DURHAM, N.H. – An expert from the University of New Hampshire Center for Family Business will discuss how to understand conflict styles at a Wednesday, March 5, 2014, event at Granite State College.
“Managing Conflict in Family Businesses” begins at 8:30 a.m. at Granite State College, 25 Hall St., Concord. Registration and coffee start at 8 a.m. Lunch and networking will follow at noon.
Bill Hassey, business consultant and senior lecturer in the UNH Department of Management, will discuss how understanding how people manage conflict—in different situations and with different people—is the first step to handling conflict successfully.
“Effective conflict management builds trust within the family and employees, increasing creative problem solving and productivity. This interactive workshop helps individuals understand their own conflict styles and the styles of those around them, and how their styles change depending on their conflict partners,” said Barbara Draper, director of the UNH Center for Family Business.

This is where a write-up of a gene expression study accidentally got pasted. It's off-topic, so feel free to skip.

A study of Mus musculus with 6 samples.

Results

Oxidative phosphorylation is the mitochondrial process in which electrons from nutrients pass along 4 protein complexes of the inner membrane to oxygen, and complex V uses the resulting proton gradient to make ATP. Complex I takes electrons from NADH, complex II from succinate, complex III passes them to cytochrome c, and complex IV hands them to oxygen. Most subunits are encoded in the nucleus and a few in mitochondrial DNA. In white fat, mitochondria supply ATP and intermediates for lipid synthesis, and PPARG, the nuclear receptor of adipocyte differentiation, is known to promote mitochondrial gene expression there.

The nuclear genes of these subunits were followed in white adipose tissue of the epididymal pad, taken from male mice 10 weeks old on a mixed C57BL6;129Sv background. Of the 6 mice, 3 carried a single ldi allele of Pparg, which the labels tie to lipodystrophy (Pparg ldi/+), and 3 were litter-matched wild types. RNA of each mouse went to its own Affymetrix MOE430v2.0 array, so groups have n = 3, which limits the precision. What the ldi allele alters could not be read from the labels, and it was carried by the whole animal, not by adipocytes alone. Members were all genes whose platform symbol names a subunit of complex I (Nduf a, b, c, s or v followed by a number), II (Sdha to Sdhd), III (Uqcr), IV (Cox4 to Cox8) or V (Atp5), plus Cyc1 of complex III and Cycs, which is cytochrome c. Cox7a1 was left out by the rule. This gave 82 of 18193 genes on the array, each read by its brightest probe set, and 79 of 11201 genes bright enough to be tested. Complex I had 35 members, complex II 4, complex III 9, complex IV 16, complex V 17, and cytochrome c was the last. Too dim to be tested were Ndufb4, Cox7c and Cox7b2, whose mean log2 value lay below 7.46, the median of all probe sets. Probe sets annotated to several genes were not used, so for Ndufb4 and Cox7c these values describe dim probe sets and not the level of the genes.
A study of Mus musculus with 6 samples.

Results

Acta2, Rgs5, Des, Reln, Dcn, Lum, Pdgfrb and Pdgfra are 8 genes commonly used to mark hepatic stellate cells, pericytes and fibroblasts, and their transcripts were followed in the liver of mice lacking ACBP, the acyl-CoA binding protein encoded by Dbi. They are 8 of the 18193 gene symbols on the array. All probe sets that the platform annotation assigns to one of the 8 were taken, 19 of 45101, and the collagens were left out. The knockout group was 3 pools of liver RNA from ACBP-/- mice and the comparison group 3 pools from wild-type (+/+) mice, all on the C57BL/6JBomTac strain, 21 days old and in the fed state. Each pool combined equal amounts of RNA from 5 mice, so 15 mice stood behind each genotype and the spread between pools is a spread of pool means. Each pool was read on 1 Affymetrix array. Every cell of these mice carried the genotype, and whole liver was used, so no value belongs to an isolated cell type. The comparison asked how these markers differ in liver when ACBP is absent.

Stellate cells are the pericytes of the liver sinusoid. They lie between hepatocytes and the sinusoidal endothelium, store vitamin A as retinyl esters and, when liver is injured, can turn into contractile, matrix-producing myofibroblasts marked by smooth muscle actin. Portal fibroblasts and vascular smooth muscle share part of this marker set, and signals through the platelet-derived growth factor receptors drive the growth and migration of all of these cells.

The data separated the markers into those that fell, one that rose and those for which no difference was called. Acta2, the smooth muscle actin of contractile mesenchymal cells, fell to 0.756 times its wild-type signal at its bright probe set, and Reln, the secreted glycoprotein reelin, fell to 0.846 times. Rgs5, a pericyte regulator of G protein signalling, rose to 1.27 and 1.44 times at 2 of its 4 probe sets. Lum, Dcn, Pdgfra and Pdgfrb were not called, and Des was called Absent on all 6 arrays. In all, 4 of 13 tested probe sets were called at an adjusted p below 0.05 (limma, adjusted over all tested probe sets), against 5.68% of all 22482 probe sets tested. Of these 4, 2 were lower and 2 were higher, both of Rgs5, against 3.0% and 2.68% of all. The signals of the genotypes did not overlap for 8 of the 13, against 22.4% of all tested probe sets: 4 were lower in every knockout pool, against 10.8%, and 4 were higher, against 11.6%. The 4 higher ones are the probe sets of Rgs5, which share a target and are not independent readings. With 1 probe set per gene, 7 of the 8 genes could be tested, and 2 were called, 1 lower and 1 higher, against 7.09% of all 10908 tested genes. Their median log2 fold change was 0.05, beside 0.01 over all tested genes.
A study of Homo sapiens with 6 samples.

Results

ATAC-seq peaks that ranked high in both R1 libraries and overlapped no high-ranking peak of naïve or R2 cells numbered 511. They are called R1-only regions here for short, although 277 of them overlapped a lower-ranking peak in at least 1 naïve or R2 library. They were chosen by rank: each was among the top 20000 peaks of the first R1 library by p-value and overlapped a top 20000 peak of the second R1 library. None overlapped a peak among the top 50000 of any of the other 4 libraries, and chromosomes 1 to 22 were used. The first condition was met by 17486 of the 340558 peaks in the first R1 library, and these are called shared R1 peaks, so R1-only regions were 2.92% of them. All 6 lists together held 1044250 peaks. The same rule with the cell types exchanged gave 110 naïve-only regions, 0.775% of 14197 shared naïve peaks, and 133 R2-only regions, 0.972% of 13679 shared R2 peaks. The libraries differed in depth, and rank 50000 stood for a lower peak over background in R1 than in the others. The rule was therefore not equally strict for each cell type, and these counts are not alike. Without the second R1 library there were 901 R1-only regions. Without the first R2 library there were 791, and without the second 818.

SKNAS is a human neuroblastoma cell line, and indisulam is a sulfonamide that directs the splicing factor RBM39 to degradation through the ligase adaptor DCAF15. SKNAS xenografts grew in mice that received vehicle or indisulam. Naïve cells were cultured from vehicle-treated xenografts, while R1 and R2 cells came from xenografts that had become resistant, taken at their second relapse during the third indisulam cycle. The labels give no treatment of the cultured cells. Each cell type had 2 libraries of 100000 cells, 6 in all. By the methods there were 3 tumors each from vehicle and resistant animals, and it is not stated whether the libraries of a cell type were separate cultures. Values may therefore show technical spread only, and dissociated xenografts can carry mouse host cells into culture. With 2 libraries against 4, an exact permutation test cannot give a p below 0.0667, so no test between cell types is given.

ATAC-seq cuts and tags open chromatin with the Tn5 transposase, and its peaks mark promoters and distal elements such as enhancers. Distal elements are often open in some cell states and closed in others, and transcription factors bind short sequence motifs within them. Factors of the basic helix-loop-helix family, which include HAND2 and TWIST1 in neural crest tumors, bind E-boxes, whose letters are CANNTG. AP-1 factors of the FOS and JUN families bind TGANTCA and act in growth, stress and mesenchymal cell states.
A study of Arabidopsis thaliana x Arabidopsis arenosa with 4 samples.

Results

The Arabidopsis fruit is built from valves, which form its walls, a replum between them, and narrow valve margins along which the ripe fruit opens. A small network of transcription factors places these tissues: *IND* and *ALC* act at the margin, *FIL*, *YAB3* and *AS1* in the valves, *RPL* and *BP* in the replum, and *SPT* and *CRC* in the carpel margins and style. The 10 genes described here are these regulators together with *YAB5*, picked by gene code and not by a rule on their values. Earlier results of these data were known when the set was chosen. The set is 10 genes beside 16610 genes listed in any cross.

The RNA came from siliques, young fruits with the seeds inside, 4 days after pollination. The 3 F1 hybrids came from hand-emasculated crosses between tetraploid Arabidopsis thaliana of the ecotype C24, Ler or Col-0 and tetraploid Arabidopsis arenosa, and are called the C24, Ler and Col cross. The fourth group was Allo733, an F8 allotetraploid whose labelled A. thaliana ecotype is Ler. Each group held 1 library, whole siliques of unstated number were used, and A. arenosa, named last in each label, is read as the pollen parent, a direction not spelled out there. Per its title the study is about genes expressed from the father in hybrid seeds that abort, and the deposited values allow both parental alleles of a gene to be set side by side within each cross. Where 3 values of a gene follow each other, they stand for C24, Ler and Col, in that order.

The event is free to members. There is a special one-time, trial, nonmember registration fee of $99 per person or $250 per family. To register, call Barbara Draper at 603-862-1107 or e-mail email@example.com.
The Center for Family Business, under the UNH Peter T. Paul College of Business and Economics and the UNH Graduate School, is sponsored by Baker Newman & Noyes; Harvest Capital; Mass Mutual Financial Group; Moitoza Consulting; Management Planning, Inc.; Optima Bank and Trust; and Pierce Atwood. It is a membership program to provide owners and managers of entrepreneurial businesses with an opportunity to exchange ideas and information and to discuss business challenges and solutions. For more information, visit http://www.familybusiness.unh.edu/.
The University of New Hampshire, founded in 1866, is a world-class public research university with the feel of a New England liberal arts college. A land, sea, and space-grant university, UNH is the state's flagship public institution, enrolling 12,200 undergraduate and 2,300 graduate students.